A couple months ago, I made an executive decision to drive to work on practically fumes. Mind you, I only live ten minutes away from the office, so I was more than confident I could make it, and even with some fuel to spare.
No more than three minutes down the road with town limits in sight, I could feel chugging. My heart completely sank and within seconds, the little Toyota Corolla which has never failed to get me from point A to point B, slowed to a halt. Each light in the car suddenly lit up signaling some small beacon of hope, but then turned off with absolute certainty.
After that, there was nothing but silence, pure silence and the sound of an occasional passing car with clearly more gas in their tank than I.
Just as quickly as I realized what had happened, I was dialing CAA. This is a company has become a savior to all who are at the mercy of a non-functional vehicle, like myself.
Let me tell you, having the tow truck drive you to the local gas station is not a Monday morning that anyone wants to experience.
If that’s not enough, my first week on the job consisted of our general manager coming out to change my tire after I ran over a nail in our parking lot. (I now consider this a vital life skill and have taught myself how to do this like a pro may I add.)
I do a lot of commuting for my job. Each weekend I travel back home to Saint John, which has left me time to reflect on the gas incident, the incredibly embarrassing tire changing episode, and of course the “what if’s.” What if something of this nature was to happen in a terrible snow storm or any other extreme weather condition you’re not prepared for?
Things definitely would have turned out much, much worse. To say I have become ultra-aware of any suspicious noise my car makes, is an understatement. Let’s just say I always make sure that I have more than enough gas for wherever I may be going. Coming out of these experiences, I wanted to be prepared for anything that could happen to both myself, or my car while driving- especially during extreme winter weather.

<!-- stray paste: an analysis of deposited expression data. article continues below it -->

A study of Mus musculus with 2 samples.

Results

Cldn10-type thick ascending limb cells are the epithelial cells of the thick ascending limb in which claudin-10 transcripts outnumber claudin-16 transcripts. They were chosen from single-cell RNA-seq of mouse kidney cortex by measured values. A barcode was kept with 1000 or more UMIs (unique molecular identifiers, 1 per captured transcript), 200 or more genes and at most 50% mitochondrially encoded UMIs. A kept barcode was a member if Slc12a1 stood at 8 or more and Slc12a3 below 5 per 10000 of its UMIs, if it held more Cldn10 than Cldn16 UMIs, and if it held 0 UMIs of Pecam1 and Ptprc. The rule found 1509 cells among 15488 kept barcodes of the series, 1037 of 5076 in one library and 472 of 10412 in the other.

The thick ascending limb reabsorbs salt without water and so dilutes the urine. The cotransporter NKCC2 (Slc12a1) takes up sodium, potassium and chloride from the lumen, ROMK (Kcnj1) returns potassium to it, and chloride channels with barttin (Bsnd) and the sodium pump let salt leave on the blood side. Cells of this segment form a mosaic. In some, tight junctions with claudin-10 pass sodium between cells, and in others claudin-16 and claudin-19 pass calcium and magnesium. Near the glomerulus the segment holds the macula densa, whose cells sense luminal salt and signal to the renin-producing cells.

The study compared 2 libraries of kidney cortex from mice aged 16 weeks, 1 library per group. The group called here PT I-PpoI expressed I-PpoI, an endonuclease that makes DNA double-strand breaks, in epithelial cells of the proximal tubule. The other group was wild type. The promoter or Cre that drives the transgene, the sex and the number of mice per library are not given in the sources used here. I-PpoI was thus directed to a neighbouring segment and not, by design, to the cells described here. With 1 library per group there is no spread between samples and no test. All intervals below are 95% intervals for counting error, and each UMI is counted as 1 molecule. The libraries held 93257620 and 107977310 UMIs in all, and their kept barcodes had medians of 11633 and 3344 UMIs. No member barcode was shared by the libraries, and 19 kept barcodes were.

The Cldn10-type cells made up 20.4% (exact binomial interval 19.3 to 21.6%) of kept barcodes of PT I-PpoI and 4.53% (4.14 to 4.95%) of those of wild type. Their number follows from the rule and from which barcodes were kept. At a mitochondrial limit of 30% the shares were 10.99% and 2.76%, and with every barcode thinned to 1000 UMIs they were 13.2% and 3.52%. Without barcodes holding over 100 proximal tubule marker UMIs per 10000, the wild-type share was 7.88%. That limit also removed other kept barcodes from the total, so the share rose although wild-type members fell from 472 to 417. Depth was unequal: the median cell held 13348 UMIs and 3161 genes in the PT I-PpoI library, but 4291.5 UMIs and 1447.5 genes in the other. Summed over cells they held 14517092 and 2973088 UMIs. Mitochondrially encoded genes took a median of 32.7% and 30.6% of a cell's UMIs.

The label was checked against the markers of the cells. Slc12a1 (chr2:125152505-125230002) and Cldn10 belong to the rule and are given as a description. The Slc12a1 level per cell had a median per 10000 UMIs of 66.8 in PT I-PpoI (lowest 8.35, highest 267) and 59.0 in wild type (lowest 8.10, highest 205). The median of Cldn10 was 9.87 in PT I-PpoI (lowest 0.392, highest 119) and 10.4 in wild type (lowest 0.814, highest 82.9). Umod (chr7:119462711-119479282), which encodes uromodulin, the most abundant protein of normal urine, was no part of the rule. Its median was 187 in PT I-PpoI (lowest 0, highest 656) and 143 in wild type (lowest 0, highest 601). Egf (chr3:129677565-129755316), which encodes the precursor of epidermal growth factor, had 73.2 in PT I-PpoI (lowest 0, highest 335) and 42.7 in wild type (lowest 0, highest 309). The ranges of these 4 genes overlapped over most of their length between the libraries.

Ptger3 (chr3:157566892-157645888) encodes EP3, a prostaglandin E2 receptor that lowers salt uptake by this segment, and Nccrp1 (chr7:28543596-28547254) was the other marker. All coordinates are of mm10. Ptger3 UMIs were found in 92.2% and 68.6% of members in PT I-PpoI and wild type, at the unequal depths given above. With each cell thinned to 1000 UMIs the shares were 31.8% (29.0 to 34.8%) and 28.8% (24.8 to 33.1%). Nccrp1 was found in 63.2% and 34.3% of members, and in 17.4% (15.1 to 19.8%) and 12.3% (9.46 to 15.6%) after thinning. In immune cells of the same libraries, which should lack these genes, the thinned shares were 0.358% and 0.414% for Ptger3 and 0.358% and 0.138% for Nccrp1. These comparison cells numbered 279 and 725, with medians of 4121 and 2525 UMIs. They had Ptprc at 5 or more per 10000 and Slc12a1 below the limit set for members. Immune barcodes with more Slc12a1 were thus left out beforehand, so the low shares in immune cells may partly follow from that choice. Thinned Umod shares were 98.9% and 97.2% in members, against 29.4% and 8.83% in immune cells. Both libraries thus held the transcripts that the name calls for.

Below is a compiled list of things to consider before you leave, and objects that you should keep both in your car at easy access, and in the trunk for more severe situations.
I hope this helps you as much as it has for me.
• Make sure you have plenty of gas in the car
• Check the anti-freeze levels
• Use windshield wiper fluid that’s meant for winter driving
• Check the tire pressure
• Make sure you are not overdue for an oil change
• Test the defrost
• Make sure your cell phone is completely charged
• Check break lights
• Pump the break’s a couple times to ensure proper function
Emergency Kit (Durable backpack or bag kept inside the car under the driver’s seat)
• Food items that can be kept for long periods of time (energy bars, soda crackers, trail mix, or peanut butter
• At least two bottles of water
• Warm blanket
• A basic first aid kit
• Candle in a deep can with matches (remember to open a window for Oxygen if using)
• Wind-up flashlight
• A small snowbrush
• Seatbelt cutter (one inside your emergency kit and one clipped to the driver’s visor for easy access)
tems to keep in the trunk of your car
• A small bag of sand or salt
• Extra anti-freeze
• Jumper cables
• Warning light
• Portable caution cones
• Tow rope
• Shovel and scraper
• Tire iron
• Extra winter boots
• Warm clothes (kept dry and neat in the zip lock bag)
If you are not already a CAA member, consider calling them, or a similar agent and keep their number handy!